English evangelical Christian author, apologist and social analyst Os Guinness made his first trip to Samford University’s Beeson Divinity School April 25 as part of Beeson’s Faith and Work Initiative.
Guinness spoke on the topic of covenantalism, its history rooted in the covenant at Sinai in the Old Testament and in the Reformation as well as its relevance today for the United States. He argued for covenantal societies at their best.
“Many of the things that are in crisis today can best be remedied and restored by an understanding of the links between the Old Testament and the Sinai covenant and where we are today,” Guinness began. “We can see that while Sinai was a covenant with the Lord, and the United States at its best was a covenant under God, increasingly, this country has become a covenantal constitutional society without God.”
A covenantal society is all about relationships, Guinness said. One of its strengths is that it puts people in covenant with one another as well as with God. Guinness said that covenantal societies have “a reciprocal responsibility.” But in the Sinai covenant, the covenant reverberates not only to how you are to treat your kinsmen, but also how you are to treat the stranger. In the Sinai covenant, there is only one mention of loving your neighbor but more than 30 mentions of loving the stranger, Guinness said.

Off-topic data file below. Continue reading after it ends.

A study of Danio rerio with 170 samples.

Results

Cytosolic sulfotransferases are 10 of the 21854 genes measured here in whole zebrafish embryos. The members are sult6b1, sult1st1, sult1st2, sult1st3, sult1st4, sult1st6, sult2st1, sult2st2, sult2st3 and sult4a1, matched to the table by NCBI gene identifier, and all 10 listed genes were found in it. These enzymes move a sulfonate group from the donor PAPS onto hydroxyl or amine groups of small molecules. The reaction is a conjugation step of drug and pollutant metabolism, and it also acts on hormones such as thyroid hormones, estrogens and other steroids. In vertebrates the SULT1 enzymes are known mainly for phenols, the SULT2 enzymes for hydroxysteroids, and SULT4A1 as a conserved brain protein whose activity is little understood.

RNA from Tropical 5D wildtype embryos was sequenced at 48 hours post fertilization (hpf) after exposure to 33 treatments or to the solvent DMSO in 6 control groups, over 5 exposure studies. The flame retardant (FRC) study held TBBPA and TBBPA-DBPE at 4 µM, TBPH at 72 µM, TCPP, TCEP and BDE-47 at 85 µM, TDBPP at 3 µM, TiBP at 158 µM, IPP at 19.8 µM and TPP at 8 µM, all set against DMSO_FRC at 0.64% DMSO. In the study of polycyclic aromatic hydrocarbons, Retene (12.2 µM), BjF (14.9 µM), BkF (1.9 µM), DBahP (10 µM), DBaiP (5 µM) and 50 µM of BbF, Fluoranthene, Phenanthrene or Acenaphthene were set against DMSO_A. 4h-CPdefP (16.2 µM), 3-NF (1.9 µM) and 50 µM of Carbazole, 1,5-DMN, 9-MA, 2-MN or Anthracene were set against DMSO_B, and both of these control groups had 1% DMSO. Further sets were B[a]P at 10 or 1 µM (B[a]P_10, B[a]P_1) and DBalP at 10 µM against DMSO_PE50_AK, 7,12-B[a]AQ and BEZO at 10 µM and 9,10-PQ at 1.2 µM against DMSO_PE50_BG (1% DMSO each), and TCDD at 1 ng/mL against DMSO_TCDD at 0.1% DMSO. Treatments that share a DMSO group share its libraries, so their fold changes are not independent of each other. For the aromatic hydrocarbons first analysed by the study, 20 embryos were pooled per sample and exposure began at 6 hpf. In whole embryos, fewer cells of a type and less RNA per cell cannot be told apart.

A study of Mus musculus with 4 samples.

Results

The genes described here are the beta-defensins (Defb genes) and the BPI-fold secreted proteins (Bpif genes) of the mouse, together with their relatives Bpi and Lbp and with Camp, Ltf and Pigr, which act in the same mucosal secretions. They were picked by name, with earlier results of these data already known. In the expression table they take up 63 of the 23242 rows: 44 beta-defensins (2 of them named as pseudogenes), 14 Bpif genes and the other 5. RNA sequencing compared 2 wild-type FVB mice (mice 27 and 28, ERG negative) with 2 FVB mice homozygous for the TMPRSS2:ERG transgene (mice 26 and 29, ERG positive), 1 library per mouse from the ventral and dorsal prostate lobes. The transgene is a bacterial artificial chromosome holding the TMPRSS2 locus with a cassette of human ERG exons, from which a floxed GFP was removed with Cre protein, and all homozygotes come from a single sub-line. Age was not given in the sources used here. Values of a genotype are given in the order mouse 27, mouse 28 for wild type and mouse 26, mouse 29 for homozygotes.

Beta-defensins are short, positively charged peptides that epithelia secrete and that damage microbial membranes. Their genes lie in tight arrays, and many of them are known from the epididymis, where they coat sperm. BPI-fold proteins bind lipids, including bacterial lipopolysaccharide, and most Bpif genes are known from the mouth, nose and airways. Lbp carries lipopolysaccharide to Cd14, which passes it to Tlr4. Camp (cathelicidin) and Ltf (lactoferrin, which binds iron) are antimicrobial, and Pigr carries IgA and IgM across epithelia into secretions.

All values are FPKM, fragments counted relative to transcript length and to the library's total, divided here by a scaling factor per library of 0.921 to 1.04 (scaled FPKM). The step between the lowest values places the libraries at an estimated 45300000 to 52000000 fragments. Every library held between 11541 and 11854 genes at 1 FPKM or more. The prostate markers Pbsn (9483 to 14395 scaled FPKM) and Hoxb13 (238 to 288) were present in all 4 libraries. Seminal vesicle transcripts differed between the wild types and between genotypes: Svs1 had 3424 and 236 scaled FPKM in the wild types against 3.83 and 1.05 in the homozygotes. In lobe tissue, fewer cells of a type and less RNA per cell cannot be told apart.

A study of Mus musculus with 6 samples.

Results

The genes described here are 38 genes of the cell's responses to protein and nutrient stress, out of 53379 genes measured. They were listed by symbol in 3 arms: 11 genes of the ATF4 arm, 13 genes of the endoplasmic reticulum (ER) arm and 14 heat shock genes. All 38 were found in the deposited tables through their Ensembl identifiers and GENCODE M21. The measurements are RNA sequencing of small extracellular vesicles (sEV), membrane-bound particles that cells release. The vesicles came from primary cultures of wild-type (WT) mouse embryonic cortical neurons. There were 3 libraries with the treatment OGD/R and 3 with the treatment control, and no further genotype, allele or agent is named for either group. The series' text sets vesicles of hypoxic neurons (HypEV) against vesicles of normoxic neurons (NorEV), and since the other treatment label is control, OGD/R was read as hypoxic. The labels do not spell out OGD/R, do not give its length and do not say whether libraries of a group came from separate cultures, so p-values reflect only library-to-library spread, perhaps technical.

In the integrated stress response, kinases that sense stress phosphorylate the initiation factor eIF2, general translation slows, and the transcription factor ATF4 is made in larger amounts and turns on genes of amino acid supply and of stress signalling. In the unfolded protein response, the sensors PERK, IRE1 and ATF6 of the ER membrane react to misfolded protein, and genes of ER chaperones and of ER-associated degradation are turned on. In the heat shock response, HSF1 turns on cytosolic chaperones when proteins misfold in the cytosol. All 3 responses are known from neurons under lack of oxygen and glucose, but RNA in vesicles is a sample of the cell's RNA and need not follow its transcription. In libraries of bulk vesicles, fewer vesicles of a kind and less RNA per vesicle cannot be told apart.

“The stranger may not be in our image,” he said. “But, he or she is in God’s image, and we are to treat them like a neighbor.”
The other strength of covenantalism is it helps to reunite faith and freedom, said Guinness, but its weakness is that humans do not keep their side of the covenant. Despite this weakness, our hope is found in the Lord keeping his side, his promises and his word.
“We humans are not good at promise keeping, but our Lord keeps his word,” Guinness said. “He is the covenant keeping God. Thank God that he keeps his word.”
Prior to community worship, Guinness spoke to Beeson Divinity’s Board of Advisers and gave an interview for the Beeson Podcast, which will air in June.
The descendant of Dublin brewer Arthur Guinness, Guinness was born in China to medical missionaries during World War II. He later completed a D.Phil. from Oxford University and served as a freelance reporter for the BBC. Guinness is currently a senior fellow at the Oxford Centre for Christian Apologetics.
He is the author and editor of more than 30 books, including The Call, Time for Truth, Long Journey Home, Unspeakable, A Free People’s Suicide, The Global Public Square and Renaissance. His most recent book is Impossible People, published by InterVarsity Press.
Kristen Padilla is marketing and communication coordinator for Beeson Divinity School.